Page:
Projected Financial Statements: These statements are usually helpful, but not necessary. You will develop and describe your strategies for the business throughout your Business Plan. In the financial section, you will need to estimate the financial impact of those strategies by developing projected Income Statements, Balance Sheets, and Cash Flow Statements.
Studying your market will give you insight as to how you can make your business more appealing to people. Market research is more than just noticing trends in your customers' buying habits; it's discovering what motivates your customer to buy. Don't assume that you already know because you've been in this business for years. This study often unearths characteristics about your market that are hidden or new. It's best to discover these things before your competition.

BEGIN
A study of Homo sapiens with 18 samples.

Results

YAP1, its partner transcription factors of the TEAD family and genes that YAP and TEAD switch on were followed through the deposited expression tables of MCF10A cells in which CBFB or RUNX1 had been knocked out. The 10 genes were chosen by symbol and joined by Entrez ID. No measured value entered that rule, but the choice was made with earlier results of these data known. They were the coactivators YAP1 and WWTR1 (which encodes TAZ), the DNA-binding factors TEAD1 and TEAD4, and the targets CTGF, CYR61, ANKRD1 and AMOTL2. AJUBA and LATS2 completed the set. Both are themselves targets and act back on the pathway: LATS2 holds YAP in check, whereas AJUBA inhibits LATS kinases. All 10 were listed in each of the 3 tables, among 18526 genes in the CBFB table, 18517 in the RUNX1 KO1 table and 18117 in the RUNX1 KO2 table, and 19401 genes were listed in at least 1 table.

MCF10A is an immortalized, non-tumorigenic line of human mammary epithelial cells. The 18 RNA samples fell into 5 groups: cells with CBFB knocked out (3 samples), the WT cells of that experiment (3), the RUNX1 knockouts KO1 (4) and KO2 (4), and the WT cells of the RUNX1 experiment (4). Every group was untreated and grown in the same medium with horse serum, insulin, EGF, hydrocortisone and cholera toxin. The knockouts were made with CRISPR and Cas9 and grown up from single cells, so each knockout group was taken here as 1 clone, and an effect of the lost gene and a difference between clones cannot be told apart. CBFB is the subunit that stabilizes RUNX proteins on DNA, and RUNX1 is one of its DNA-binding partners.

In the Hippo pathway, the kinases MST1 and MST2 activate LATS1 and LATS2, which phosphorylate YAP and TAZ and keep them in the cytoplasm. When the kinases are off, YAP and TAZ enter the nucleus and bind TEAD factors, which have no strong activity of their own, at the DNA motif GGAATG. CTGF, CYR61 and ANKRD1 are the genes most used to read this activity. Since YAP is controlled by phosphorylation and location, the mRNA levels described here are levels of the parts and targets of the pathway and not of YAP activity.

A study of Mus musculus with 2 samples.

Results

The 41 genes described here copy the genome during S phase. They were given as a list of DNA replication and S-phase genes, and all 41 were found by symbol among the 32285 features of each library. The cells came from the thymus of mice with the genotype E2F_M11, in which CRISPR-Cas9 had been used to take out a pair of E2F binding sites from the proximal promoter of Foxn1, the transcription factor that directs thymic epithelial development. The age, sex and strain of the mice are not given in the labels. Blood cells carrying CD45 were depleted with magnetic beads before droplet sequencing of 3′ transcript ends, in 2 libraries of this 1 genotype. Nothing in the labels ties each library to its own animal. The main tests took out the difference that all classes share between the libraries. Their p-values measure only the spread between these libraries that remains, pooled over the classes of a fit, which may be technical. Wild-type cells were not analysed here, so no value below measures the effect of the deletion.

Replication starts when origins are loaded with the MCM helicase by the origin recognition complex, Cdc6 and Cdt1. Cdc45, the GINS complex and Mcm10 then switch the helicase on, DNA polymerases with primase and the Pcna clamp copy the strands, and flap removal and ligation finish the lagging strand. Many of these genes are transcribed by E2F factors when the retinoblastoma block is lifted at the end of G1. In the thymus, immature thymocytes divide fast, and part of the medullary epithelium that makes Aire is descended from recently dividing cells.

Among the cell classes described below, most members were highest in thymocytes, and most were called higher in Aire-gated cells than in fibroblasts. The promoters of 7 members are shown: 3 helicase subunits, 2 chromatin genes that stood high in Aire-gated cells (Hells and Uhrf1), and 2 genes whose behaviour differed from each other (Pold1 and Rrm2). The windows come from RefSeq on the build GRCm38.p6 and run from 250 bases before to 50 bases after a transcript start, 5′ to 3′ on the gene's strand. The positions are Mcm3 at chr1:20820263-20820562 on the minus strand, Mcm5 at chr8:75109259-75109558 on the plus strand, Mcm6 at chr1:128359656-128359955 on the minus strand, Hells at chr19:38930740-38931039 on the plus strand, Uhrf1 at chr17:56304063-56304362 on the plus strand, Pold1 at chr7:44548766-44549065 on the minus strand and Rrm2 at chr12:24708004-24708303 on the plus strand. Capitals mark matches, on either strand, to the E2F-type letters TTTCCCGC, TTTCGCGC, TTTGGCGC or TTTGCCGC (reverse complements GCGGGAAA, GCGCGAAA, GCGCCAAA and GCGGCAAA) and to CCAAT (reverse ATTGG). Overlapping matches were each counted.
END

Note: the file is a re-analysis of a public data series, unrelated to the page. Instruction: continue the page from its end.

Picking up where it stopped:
Location: Writing down the location of your business is very important. Locations with greater customer traffic usually cost more to buy or rent, but they require less spending for advertising to attract customers. This is especially true of retail businesses where traffic count and accessibility are critical.
Every Business Needs a Plan _ Without a plan, there is little hope for growth, let alone survival. As my small business development counselor, Terry Chambers says, "If it's not written, it's not real." That doesn't mean it's unchangeable, but it does show that you mean business. In order to accomplish your strategies of improving efficiency, increasing volume, and reorganizing your business, you've got to examine what you have, what you want, and how you plan to get there.